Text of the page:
Tick Repellents For Africa
Page Updated: Jan 2020
A dose of African Tick-Bite Fever can really mess up your hunt, especially if you are doing a long hunt. Generally it won't affect a short 7 day hunt because the symptoms won't appear until you get home - 5 to 7 days after infection.
So if you are going on a long hunt speak to your doctor about taking some antibiotics with you such as Doxycycline or Tetracycline just in case you get tick bite symptoms.
So all African hunters, no matter how long the hunt, should know about ticks and use some form of tick repellent.
- DEET and permethrin both work to repel ticks so a good insect repellent on exposed skin plus permethrin impregnated clothing should do the trick.
- A really good tick repellent/killer is Bayer Bayticol fabric spray with the active ingredient Flumethrin which is a pyrethroid. It kills ticks on contact with treated clothing and lasts for about 2-3 washes. If you are hunting RSA or Namibia it's worth stopping off at a local farm equipment or outdoors shop to buy a can.
- The Australian Bushman insect repellent also works to repel African ticks.
- Duct tape or tuck your trousers legs into your socks and boots.
- Lighter coloured clothing makes spotting ticks easier.
- Get used to examining your body regularly, particularly the skin folds/creases and under hair, while on your hunt and afterwards.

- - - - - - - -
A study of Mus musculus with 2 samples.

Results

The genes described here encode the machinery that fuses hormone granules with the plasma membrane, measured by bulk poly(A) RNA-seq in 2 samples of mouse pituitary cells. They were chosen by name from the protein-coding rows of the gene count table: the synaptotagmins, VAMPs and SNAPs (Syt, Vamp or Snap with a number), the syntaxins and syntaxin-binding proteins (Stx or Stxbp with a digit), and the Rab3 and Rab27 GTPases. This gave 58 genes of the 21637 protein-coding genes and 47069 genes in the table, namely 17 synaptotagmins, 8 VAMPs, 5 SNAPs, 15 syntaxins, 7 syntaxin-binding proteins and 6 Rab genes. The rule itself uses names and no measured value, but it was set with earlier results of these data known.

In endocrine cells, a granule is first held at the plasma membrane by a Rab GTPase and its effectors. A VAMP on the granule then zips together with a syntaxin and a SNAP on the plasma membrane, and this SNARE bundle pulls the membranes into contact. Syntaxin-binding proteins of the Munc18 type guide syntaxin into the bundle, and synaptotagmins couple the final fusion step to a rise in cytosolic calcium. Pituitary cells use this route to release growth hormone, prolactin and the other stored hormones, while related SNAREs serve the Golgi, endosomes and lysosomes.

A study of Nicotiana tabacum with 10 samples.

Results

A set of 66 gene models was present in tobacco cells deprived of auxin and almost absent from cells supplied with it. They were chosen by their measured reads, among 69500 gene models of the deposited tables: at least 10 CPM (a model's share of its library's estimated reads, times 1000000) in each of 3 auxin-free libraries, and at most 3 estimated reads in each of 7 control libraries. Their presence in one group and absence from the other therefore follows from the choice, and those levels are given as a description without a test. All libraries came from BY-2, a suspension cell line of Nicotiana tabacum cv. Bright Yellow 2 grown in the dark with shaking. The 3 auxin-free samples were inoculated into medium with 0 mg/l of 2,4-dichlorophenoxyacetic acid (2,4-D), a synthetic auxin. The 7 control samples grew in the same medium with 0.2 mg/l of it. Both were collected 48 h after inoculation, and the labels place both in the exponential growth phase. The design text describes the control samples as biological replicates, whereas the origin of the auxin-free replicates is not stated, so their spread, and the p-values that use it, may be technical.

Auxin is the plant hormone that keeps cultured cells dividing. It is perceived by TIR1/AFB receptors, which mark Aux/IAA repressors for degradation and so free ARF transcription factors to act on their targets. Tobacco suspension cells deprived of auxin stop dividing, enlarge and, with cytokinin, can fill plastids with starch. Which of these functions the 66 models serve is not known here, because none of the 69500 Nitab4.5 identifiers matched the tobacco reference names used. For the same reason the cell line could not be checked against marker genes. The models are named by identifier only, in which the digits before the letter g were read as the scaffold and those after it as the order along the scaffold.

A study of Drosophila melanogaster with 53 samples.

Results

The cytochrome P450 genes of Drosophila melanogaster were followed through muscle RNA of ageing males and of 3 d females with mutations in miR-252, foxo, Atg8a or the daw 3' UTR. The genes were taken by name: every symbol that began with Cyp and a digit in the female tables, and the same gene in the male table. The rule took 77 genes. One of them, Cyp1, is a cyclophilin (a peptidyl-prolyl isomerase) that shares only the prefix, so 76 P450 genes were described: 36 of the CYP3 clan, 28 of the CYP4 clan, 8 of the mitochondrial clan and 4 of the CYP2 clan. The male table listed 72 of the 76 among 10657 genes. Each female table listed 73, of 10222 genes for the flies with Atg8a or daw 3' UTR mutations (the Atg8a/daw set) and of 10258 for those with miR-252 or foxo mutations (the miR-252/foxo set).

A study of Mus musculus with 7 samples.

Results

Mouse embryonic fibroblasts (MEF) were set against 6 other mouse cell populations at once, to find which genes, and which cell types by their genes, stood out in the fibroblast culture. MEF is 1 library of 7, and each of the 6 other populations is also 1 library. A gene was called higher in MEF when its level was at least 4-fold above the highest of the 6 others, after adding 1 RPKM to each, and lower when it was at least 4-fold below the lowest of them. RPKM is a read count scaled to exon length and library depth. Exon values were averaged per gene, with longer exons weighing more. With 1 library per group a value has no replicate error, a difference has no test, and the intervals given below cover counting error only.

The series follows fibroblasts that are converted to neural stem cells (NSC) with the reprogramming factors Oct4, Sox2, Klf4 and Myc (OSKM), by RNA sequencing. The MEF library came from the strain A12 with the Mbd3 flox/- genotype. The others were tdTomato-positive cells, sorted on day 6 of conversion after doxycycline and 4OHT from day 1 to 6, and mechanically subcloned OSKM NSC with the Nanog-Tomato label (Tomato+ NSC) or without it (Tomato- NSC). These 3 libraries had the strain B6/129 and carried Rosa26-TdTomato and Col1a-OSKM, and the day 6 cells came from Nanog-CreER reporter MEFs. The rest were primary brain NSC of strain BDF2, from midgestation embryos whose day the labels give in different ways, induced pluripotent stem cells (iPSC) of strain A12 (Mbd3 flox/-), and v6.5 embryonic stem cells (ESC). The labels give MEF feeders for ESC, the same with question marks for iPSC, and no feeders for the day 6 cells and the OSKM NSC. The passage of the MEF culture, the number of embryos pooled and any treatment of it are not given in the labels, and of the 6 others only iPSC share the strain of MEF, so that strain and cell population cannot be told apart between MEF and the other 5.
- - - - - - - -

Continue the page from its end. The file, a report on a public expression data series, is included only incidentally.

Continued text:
- Develop good tick removal technique.
Natural Tick Repellents
For those who don't like putting chemicals on their body such as DEET or permethrin and who are NOT hunting in a malarial area of Africa, there is a wide range of 'natural' tick repellents available. They are said to work by masking the natural human smells which are said to attract ticks. You must thoroughly apply diluted essential oils such as rose geranium, cedarwood, lavender and lemongrass to your skin and clothing. This is scientifically unproven to work on African ticks and smelling like Grandma's pot pourri might not be conducive to hunting success.
Should you twist or pull a tick off? The jury is still out. Some experts say don't twist due to the risk of leaving the mouth/head parts behind. Other experts who are adept at using a tick twisting tool claim the rotation movement leaves fewer heads behind.
- Get some proper tick removal tweezers or any other tick removal gadgets.
- Grab tick firmly with tweezers under it's head where mouth parts are embedded.
- Carefully push down to disengage the 'teeth' from your skin.
- Pull tick away.
- If it does not come off at once, rock it from side to side. It should definitely come off then.
- Apply a little antiseptic cream.
- Do not use the old lighted cigarette trick. This upsets ticks and they vomit their bacteria-ridden gut contents into the wound.
- Do not try to smother the tick with vaseline or similar product - you want the tick off immediately not when it decides to detach.